No Traces of mRNA Found in Human Milk of Vaccinated Mothers, New Study Shows
The World Health Organization (WHO) has maintained it does not recommend that women vaccinated against COVID-19 discontinue breastfeeding. Though the international health agency recommends the coronavirus vaccine in adults, including lactating women, it has been previously reported that mRNA could be transferred to children via breast milk.
No detectable levels of messenger RNA (mRNA) from vaccines against COVID-19 were found in human milk, according to a new study that analyzed the post-vaccination breast milk samples of seven women earlier this year.
"We didn’t detect the vaccine-associated mRNA in any of the milk samples tested," said study lead Dr. Yarden Golan, a postdoctoral fellow at the University of California, San Francisco (UCSF). "These findings provide an experimental evidence regarding the safety of the use of mRNA-based vaccines during lactation."
Findings of the small study, approved by the UCSF institutional review board and published earlier this month in JAMA Pediatrics, comes amid concerns that the Pfizer-BioNTech and Moderna vaccines - both of which contain mRNA - could have a negative impact on mothers and their breastfeeding children.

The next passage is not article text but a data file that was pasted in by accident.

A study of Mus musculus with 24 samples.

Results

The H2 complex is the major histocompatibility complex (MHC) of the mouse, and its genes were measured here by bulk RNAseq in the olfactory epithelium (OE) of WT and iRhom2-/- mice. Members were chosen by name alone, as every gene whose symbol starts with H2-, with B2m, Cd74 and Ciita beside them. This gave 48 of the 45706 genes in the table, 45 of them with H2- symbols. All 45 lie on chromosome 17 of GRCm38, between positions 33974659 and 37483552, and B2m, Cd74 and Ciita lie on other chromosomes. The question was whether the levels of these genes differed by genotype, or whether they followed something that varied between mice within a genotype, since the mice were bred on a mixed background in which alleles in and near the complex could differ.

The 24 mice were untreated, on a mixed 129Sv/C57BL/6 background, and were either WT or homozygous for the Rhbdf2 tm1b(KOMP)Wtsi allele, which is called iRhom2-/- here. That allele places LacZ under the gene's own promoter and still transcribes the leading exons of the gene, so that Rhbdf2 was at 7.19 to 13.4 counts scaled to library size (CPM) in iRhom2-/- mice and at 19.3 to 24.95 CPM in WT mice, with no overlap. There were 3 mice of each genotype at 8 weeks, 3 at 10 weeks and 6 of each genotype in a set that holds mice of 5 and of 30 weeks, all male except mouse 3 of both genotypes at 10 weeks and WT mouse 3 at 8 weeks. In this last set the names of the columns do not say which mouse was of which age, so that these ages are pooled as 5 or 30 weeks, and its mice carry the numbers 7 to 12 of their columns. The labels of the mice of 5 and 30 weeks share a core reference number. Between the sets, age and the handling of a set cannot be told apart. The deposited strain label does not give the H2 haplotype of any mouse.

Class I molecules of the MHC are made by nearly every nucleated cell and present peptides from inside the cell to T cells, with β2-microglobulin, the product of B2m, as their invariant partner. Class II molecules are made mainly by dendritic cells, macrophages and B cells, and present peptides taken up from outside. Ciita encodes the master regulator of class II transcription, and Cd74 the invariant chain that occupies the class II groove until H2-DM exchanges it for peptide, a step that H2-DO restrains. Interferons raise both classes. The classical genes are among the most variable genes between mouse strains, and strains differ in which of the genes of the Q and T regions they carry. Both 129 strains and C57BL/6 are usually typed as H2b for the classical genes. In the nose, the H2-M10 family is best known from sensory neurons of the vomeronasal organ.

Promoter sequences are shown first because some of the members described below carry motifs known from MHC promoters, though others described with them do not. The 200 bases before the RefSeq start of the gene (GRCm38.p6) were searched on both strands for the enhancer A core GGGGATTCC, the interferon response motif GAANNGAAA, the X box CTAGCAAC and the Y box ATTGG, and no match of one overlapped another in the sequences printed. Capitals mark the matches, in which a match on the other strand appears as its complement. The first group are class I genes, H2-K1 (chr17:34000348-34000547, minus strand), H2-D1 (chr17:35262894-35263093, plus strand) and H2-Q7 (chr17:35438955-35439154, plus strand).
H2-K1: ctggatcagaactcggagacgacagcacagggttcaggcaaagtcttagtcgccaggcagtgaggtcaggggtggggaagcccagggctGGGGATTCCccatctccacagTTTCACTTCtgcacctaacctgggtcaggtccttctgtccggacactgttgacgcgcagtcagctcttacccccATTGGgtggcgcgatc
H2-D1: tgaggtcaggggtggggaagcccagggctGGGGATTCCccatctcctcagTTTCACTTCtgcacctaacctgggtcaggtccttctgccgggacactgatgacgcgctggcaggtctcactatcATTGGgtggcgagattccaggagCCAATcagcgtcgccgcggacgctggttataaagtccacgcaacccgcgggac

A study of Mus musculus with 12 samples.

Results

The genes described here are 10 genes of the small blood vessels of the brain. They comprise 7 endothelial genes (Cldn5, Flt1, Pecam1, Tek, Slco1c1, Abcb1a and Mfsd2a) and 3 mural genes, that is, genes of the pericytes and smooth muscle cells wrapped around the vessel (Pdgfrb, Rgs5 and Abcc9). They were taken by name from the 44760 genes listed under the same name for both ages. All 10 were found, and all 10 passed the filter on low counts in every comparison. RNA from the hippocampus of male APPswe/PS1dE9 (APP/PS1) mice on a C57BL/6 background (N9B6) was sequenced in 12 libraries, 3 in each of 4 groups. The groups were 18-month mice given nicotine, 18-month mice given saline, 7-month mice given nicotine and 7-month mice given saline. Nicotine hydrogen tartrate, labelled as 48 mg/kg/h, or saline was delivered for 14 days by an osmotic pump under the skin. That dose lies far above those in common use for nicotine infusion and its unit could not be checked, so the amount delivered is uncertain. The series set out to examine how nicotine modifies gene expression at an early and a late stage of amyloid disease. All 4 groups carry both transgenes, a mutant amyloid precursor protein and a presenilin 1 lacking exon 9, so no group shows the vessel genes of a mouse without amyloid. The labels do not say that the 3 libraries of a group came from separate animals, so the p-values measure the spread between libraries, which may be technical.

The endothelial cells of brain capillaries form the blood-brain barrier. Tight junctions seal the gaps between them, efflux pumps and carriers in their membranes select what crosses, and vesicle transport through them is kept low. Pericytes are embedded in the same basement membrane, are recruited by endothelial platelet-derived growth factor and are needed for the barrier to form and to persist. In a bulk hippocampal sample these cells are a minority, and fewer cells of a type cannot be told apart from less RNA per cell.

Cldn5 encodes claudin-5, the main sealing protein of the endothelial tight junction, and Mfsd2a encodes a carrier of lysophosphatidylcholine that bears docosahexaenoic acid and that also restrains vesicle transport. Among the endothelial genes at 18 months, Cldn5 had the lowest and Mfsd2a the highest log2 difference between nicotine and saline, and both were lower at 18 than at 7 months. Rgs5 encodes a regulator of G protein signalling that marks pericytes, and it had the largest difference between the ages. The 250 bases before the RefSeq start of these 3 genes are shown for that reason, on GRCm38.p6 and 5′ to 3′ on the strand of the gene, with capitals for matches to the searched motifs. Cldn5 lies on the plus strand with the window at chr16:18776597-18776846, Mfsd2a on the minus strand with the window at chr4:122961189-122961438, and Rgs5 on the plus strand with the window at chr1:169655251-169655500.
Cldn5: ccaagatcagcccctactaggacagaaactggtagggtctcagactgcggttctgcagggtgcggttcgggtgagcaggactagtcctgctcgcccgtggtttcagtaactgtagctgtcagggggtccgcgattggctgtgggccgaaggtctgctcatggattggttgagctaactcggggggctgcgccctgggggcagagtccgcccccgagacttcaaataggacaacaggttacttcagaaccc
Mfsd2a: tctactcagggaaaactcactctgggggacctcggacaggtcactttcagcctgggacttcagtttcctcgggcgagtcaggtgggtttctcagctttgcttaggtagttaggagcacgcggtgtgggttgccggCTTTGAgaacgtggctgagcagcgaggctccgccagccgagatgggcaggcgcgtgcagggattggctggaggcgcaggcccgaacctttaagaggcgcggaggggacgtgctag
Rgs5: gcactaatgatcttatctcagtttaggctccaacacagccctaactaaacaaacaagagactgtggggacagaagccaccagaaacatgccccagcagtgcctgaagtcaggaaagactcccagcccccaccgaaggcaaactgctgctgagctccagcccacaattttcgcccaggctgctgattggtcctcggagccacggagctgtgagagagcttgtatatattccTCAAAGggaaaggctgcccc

Canadian immunologist and University of Guelph associate professor Byram Bridle recently emerged as a figure spreading what appears to be misinformation. During a recent interview, the immunologist asserted that mRNA from a COVID-19 vaccine could be passed from mother to infant and subsequently cause bleeding in the gastrointestinal tract.
"The results strengthen current recommendations that the mRNA vaccines are safe in lactation, and that lactating individuals who receive the COVID vaccine should not stop breastfeeding," said Dr. Stephanie Gaw, a corresponding author and assistant professor of Maternal-Fetal Medicine at UCSF.
While the UCSF study provides direct data regarding mRNA vaccine safety and breastfeeding, the authors of the research determined that clinical data from larger populations would be necessary to provide a better estimate of the effects of mRNA vaccines on lactation.
Storage conditions of the self-collected milk samples could have impacted mRNA stability.
"Vaccine effectiveness is expected to be similar in lactating women as in other adults. WHO recommends the use of the vaccine in lactating women as in other adults," the WHO said in an April release, noting that the benefits of COVID-19 vaccines in pregnant women "outweigh the potential risks."